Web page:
BACKGROUND & AIMS: Kazakhstan has implemented comprehensive programs to reduce the incidence of Hepatitis B and Hepatitis C. This study aims to assess seroprevalence and risk factors for HBsAg and anti-HCV positivity in three large regions of Kazakhstan.
METHODS: A cross-sectional study was conducted in three regions geographically remote from each other. Participants were randomly selected using a two-stage stratified cluster sampling and were surveyed by a questionnaire based on the WHO STEP survey instrument. Blood samples were collected for HBsAg and anti-HCV testing.
RESULTS: A total of 4,620 participants were enrolled. The seroprevalence was 5.5% (95%CI: 3.6%-8.4%) for HBsAg and 5.1% (95%CI: 3.5%-7.5%) for anti-HCV antibodies. Both were more prevalent in the western and northern regions than in the southern. A history of blood transfusion was significantly associated with anti-HCV presence, with odds ratios (ORs) of 2.10 (95%CI: 1.37-3.21) and was borderline associated with HBsAg 1.39 (95%CI: 0.92-2.10), respectively. Having a family member with viral hepatitis was also borderline associated (2.09 (95%CI: 0.97-4.50)) with anti-HCV positivity.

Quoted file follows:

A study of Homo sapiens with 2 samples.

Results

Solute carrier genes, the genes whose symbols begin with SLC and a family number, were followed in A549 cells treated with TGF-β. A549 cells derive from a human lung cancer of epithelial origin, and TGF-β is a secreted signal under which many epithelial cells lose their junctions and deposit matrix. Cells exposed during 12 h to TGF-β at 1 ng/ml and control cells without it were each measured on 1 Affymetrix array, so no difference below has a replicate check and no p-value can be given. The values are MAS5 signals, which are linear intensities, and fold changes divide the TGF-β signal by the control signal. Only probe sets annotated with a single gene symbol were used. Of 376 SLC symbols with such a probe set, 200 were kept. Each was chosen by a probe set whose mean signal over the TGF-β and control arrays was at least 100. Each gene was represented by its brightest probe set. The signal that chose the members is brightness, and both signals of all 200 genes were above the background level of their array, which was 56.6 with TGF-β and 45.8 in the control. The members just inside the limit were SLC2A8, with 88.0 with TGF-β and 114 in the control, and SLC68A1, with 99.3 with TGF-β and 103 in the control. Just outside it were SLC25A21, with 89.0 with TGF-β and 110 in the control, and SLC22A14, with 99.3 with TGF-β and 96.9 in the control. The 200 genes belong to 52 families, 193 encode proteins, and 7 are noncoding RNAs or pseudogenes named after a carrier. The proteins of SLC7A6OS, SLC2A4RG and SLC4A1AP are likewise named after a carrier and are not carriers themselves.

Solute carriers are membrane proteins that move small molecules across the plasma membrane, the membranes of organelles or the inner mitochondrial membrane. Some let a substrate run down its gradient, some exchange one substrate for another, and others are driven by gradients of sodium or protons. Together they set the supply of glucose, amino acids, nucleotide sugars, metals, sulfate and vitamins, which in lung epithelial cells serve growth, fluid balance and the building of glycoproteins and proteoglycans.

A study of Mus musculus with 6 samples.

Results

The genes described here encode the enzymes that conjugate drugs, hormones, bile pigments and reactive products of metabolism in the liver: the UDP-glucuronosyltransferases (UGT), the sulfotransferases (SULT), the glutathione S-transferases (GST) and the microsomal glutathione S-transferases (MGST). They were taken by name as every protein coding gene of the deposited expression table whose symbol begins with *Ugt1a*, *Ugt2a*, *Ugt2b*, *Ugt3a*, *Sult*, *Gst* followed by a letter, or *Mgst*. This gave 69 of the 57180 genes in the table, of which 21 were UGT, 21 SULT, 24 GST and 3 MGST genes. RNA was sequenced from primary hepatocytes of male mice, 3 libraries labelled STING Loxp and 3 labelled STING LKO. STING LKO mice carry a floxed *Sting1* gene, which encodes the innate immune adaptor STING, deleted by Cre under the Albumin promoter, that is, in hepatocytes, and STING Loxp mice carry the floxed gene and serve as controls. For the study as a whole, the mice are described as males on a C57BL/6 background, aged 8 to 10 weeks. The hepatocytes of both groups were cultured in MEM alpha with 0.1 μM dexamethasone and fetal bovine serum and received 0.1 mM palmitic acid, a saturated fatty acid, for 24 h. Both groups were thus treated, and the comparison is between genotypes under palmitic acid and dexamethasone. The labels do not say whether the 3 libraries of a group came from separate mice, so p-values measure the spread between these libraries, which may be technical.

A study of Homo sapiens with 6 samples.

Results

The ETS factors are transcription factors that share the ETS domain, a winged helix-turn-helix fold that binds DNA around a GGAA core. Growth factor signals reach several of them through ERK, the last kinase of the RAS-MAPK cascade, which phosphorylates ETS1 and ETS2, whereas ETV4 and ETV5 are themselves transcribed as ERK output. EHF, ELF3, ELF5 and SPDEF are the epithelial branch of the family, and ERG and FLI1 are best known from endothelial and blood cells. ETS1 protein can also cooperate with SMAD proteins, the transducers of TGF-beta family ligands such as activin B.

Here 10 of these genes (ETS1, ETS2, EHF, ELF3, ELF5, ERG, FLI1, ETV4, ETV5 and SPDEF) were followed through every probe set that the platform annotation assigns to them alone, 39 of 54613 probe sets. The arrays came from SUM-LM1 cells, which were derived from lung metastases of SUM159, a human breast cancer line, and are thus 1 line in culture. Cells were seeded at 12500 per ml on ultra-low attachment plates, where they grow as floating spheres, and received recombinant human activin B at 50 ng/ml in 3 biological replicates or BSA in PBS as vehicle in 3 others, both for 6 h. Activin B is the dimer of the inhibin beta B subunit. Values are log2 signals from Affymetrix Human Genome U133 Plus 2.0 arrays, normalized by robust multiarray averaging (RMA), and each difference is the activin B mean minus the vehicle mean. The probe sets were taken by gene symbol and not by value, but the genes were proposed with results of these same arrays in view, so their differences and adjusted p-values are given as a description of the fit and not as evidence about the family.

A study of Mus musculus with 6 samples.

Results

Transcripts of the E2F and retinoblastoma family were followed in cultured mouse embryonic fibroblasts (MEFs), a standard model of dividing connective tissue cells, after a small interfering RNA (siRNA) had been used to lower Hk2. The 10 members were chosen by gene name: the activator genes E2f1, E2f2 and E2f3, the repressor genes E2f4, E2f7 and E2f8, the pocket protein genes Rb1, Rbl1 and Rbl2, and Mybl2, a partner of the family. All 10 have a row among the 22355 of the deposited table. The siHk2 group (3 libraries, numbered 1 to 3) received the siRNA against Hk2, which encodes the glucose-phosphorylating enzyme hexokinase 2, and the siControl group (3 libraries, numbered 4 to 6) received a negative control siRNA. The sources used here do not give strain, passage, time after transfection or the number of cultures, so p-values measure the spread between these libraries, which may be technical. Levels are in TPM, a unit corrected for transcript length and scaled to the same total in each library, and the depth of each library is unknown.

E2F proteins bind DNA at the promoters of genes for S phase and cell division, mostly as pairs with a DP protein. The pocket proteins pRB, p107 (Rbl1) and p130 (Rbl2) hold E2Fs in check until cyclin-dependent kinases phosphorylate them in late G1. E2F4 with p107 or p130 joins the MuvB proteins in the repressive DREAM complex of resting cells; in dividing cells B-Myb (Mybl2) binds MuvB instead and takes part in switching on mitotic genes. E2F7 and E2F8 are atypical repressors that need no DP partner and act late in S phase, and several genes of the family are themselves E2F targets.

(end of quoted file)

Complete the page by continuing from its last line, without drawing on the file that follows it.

CONCLUSIONS: This study found a high-intermediate level of endemicity for HBsAg and a high level of endemicity for anti-HCV antibodies in three large regions of Kazakhstan. We found that history of surgery was not associated with HbsAg neither with anti-HCV seropositivity rates. Blood transfusion was associated with anti-HCV seropositivity, however, to investigate effectiveness of the introduced comprehensive preventive measures in health care settings, there is a need to conduct further epidemiological studies.